How states can improve cybersecurity on a budget
With the help of digital consulting services valued at $500,000, the city plans to launch two new affordable housing systems this fall.
Jason Shueh is a tech editor at StateScoop with a specialty for civic tech and smart city news. His articles and writing have covered numerous subj...
As one of five cities worldwide to win the IBM Smarter Cities Challenge grant, San Jose, California, is undertaking two ambitious technology projects to assist with its housing crisis.
Mayor Sam Liccardo announced the city’s selection along with Busan, South Korea; Palermo, Italy; San Isidro, Argentina; and Yamagata, Japan, on July 27. The grant will provide chosen cities with technical support from IBM as officials pursue digital solutions to some of the cities’ most pressing issues. In San Jose, this happens to be a shrinking affordable housing market, one of the side effects of Silicon Valley’s robust tech economy. In July, the average rent for a one bedroom apartment in the region was $2,390, according to apartment rental website Zumper.
“With the cost of living continuing to soar and an insufficient supply of housing, residents of Silicon Valley desperately need the city to provide tools to navigate a complex and often challenging rental market," said Housing Director Jacky Morales-Ferrand in a statement. "Support from the IBM Smart City Challenge will help to build a technology infrastructure that matches people with the housing they need, while also ensuring that the existing rental stock is monitored and well maintained."
Nationally, the housing market in 2017 is shaping up to be one of the fastest moving in recent years, according to data released by Redfin in April. High demand for homes boosted the national median home price to $273,000, up 7.5 percent year over year.
IBM will send in a digital services team to work with the San Jose Housing Department on the projects this fall, providing consulting and technical services that the company values at $500,000.
The first of these is a “rental unit registry” that will include a database and analytics dashboard to help the city track rentals governed under its rent control ordinance. The system will equip the city with a tool to track tenant occupancy activity, monitor regulatory compliance and will even create predictive analytics tools to forecast turnover, identify property owners who regularly violate regulations and to automate city notifications.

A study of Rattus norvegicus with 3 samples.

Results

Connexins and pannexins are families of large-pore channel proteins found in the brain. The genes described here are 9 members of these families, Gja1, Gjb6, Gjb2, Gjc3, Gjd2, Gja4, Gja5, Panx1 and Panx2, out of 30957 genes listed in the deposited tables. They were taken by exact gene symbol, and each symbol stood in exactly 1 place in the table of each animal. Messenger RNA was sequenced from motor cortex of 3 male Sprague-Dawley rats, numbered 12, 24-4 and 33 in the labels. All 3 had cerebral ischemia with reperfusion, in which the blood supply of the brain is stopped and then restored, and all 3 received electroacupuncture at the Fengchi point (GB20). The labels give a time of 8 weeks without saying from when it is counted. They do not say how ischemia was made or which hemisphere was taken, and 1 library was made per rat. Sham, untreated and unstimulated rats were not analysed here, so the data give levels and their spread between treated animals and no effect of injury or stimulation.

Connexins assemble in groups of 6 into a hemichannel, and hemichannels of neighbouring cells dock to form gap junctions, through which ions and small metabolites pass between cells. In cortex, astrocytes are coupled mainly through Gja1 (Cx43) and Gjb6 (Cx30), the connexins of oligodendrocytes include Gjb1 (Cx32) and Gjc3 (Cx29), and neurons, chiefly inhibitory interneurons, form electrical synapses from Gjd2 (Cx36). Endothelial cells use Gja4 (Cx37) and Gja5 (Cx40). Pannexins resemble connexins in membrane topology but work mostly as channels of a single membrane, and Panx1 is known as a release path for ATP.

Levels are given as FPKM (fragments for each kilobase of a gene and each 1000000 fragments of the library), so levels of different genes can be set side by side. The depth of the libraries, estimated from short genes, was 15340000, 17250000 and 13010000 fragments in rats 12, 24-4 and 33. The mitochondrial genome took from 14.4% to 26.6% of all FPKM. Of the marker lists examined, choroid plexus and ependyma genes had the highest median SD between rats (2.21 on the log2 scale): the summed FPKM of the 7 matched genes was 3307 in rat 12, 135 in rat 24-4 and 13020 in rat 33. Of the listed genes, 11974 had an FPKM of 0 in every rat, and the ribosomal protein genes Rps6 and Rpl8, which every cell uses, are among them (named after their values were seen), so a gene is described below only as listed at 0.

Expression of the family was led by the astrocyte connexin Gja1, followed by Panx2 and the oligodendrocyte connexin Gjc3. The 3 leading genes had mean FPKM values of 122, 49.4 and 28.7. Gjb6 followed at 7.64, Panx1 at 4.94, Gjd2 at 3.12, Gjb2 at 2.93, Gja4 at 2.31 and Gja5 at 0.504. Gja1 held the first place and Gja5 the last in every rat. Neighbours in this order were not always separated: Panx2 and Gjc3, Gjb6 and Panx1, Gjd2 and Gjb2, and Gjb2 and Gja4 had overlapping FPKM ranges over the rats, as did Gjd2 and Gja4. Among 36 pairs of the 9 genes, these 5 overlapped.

The second project is a website that will guide prospective renters to available affordable housing. The process of searching and applying for government-subsidized housing can often be complicated and involve a variety of government agencies, nonprofits and housing programs. The goals for the city, it reports, are to automate the process and reduce the amount of time it takes for affordable housing applications to clear.
“These projects represent the latest effort to embrace technology and new digital tools to improve city services and tackle many of the critical issues facing our community,” Liccardo said in a statement.
Outside of San Jose, IBM’s teams will work in Palermo to assist with an influx in migrants. In San Isidro, teams will drive the city’s renewable energy initiatives. In Busan, they’ll help with disaster management. And in Yamagata, work will focus on economic development and tourism.
The latest program participants are included in a group of more than 135 cities that have joined the Smarter Cities Challenge since it began in 2011. Through the program, IBM has assisted cities with challenges that have included everything from jobs creation, transportation, public safety, to healthcare and social services.